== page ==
Murray Wins EPA Lawsuit
A U.S. district judge has ruled in favor of the coal industry and producer Murray Energy Corp. (MEC) in its 2014 suit against the Environmental Protection Agency (EPA) and its administrator, Gina McCarthy, ordering the agency to evaluate the impact its enforcement of the Clean Air Act has had on job losses across the coal community. Judge John Preston Bailey ruled in early October in U.S. District Court for the Northern District of West Virginia via a 64-page decision that the EPA failed to comply with the Clean Air Act of 1971, specifically Section 321(a), which requires continuous consideration of job losses and displacements caused by implementation of regulations. Much of those efforts on the part of the EPA have been dubbed the “War on Coal” and have taken with them thousands of miners’ jobs across the U.S.
Murray, who sued the agency in March 14 on behalf of all of his subsidiaries, was able to argue successfully that those losses were at the hands of the EPA because it did not follow the rules of the act. The agency had until October 31 to submit a “plan and schedule for compliance with [Section] 321(a) both generally and in the specific area of the effects of its regulations on the coal industry” to the court. “It would be an abuse of discretion for the EPA to refuse to conduct a Section 321(a) evaluation of the effects of its regulations on the coal industry,” he wrote in the order. “EPA cannot redefine statutes to avoid complying with them.”
EPA spokesperson Monica Lee told several national media outlets that the agency is reviewing the decision.
MEC Founder and President Robert E. Murray celebrated the suit’s outcome. “The Obama EPA has never complied with this law, and this ruling, today, will finally force them to continuously conduct these vitally important jobs analyses,” Murray said. “This is a great day for coal miners in the United States, and for all citizens who rely on low-cost electricity in America.” Murray called the regulations “senseless and destructive” and pointed out that at least 411 coal-fired power facilities across the country—totaling about 101,000 megawatts of electric power—have either already been closed or have been identified for closure by the EPA.
The National Mining Association (NMA) also hailed the court’s decision. “America’s coal miners scored an important victory today when a federal court told EPA that it could no longer ignore its ongoing responsibility under the Clean Air Act to evaluate the job losses arising from its stream of regulatory actions,” NMA President and CEO Hal Quinn said. “The court properly rebuked EPA for representing that it sufficed for the agency to merely predict impacts but it was under no duty to later verify the actual outcomes. MEC has performed a great service not only for coal miners but all American workers whose jobs are imperiled by unbalanced regulations imposing great costs with little if any measurable benefit.”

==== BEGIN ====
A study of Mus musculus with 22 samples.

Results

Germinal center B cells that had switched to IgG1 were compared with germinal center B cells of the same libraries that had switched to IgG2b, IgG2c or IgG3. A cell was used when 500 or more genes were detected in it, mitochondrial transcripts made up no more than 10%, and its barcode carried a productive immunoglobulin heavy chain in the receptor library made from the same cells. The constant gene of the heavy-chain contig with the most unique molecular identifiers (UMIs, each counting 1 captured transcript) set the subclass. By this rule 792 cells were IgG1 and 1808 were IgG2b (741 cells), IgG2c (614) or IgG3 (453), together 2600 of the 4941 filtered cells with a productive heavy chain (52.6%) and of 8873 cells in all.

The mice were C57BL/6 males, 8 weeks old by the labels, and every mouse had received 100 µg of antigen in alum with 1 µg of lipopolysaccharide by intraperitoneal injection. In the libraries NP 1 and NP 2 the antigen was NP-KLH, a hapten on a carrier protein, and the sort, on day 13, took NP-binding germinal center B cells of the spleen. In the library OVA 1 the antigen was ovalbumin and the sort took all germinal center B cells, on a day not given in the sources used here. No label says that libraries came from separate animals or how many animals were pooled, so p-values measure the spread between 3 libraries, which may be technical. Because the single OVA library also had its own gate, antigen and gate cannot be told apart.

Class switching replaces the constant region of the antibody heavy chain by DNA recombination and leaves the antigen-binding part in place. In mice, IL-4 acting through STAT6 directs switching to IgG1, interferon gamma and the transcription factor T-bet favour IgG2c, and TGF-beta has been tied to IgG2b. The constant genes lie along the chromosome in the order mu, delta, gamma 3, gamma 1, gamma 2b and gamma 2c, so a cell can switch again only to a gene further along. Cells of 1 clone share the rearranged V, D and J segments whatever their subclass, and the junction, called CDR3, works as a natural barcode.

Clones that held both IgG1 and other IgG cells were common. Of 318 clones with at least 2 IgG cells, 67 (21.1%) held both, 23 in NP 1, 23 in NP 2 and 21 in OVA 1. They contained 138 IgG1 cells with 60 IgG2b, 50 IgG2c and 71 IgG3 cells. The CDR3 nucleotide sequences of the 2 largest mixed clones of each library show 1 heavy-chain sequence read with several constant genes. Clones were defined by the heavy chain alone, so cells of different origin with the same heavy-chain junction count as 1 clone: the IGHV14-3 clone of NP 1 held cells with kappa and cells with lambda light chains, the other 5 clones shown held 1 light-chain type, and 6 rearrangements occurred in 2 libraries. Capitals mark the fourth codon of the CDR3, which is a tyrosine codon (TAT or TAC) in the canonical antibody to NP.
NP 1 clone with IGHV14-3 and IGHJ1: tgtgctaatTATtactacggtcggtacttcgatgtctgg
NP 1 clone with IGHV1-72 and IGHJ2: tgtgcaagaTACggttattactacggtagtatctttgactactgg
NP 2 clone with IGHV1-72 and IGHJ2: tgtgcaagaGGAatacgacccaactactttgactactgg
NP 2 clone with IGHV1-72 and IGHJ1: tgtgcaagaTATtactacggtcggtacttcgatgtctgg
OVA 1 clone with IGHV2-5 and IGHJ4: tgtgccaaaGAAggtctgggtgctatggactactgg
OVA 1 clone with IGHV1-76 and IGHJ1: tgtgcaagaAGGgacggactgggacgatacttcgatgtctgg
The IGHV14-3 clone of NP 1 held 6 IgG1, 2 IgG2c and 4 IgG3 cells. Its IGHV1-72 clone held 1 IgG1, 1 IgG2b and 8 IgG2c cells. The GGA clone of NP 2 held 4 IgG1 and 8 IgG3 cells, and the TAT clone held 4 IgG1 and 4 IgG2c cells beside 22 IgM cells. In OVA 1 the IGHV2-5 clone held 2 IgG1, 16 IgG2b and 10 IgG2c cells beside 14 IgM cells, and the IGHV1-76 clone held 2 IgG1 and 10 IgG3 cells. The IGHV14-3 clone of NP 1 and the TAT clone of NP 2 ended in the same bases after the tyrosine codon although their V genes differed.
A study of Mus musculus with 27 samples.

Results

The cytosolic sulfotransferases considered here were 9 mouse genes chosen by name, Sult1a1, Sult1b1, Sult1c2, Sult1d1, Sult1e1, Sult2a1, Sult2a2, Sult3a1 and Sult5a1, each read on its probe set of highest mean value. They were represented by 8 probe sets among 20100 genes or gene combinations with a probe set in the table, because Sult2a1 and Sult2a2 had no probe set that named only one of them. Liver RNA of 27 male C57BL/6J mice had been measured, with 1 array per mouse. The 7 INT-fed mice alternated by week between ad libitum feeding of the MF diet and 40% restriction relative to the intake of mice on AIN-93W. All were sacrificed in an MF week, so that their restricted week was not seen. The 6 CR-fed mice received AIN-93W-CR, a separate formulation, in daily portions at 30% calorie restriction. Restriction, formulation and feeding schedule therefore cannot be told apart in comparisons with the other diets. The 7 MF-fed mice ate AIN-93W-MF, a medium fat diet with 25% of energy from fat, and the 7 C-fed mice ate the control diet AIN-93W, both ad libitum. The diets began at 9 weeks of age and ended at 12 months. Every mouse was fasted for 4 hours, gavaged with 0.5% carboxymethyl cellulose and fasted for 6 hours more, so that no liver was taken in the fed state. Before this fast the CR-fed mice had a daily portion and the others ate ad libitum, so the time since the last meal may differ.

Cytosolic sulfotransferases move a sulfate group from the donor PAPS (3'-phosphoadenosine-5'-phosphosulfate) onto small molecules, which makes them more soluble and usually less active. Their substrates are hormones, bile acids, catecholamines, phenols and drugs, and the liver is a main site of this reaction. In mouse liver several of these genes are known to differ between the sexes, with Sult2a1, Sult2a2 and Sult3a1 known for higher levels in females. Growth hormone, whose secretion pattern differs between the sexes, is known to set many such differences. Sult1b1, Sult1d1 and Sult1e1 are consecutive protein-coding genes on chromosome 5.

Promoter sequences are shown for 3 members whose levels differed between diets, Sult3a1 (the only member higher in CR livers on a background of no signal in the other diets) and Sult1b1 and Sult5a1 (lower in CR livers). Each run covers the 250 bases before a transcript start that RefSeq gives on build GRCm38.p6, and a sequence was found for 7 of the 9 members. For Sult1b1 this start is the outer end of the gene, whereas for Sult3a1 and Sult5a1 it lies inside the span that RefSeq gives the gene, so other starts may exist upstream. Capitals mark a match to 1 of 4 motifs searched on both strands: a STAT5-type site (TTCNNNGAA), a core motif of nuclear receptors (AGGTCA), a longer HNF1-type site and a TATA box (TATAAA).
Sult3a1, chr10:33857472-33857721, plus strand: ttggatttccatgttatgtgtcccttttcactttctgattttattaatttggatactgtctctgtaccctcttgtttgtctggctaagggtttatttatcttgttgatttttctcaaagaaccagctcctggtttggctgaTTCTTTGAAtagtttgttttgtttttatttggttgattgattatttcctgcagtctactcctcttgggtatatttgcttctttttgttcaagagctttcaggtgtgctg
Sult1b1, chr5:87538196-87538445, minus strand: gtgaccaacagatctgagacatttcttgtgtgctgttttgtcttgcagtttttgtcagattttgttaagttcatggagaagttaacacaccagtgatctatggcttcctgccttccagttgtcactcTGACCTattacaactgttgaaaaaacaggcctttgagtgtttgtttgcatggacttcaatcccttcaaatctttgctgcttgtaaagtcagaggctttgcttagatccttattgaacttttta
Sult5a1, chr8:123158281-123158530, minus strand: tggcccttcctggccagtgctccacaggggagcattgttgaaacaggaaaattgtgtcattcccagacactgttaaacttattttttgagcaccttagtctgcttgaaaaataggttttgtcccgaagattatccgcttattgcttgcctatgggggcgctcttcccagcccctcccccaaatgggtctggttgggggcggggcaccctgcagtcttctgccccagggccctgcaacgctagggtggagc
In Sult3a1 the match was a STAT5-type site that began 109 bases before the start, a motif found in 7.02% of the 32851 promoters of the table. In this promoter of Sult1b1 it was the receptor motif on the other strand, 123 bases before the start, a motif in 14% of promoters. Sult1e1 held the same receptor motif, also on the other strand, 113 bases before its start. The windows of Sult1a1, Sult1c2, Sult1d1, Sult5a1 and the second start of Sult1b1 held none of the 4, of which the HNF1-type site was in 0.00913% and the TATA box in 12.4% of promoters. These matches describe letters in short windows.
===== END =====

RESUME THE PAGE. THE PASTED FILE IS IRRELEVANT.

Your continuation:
Kemper Coal-gasification Plant Generates Power
Mississippi Power’s Kemper coal gasification facility has produced its first batch of power, putting it one step closer to coming online. Company officials said that the milestone was achieved October 12, and it is now eyeing an in-service date on or before November 30. It will be supplied in part with the state’s lignite. In the meantime, it will continue in the start-up phase with testing to include syngas, natural gas, or a combination of both. This also includes production of electricity by the project’s second gasifier and operating both combustion turbines using all syngas.
Mississippi Power’s new Kemper coal gasification plant will enter service by late November.
Once online, the facility in Gulfport will be the newest large-scale U.S. power plant using integrated gasification combined cycle (ICGG) technology. “The generation of electricity using syngas is just the latest example of our company’s commitment to deliver on our promise that Kemper will provide Mississippi Power customers with safe, reliable energy for decades to come,” Mississippi Power Chairman, President and CEO Anthony Wilson said. “Achieving this latest milestone means that we are implementing innovative 21st-century technology right here in Mississippi.”
In the many years the 582-megawatt Kemper has been under development, it has been riddled with growing cost problems, including equipment repairs, as well as opposition issues. Earlier this year, Southern Co.—parent company of Mississippi Power—estimated the price tag at about $7 billion. One initial cost estimate was about $2.8 billion.
Anglo American Completes Callide Sale
Anglo American has completed the sale of its interest in the Callide thermal coal mine in Queensland, Australia to Batchfire Resources Pty Ltd, following the announcement of the share sale agreement on January 20, 2016. Callide consists of an open cut thermal coal mine and associated processing infrastructure that produced approximately 7.9 million metric tons (mt) of coal in 2015 (and 5.5 million mt in the first nine months of 2016), the majority of which were sold to two adjacent power stations under long term contracts. The terms of the transaction were not disclosed.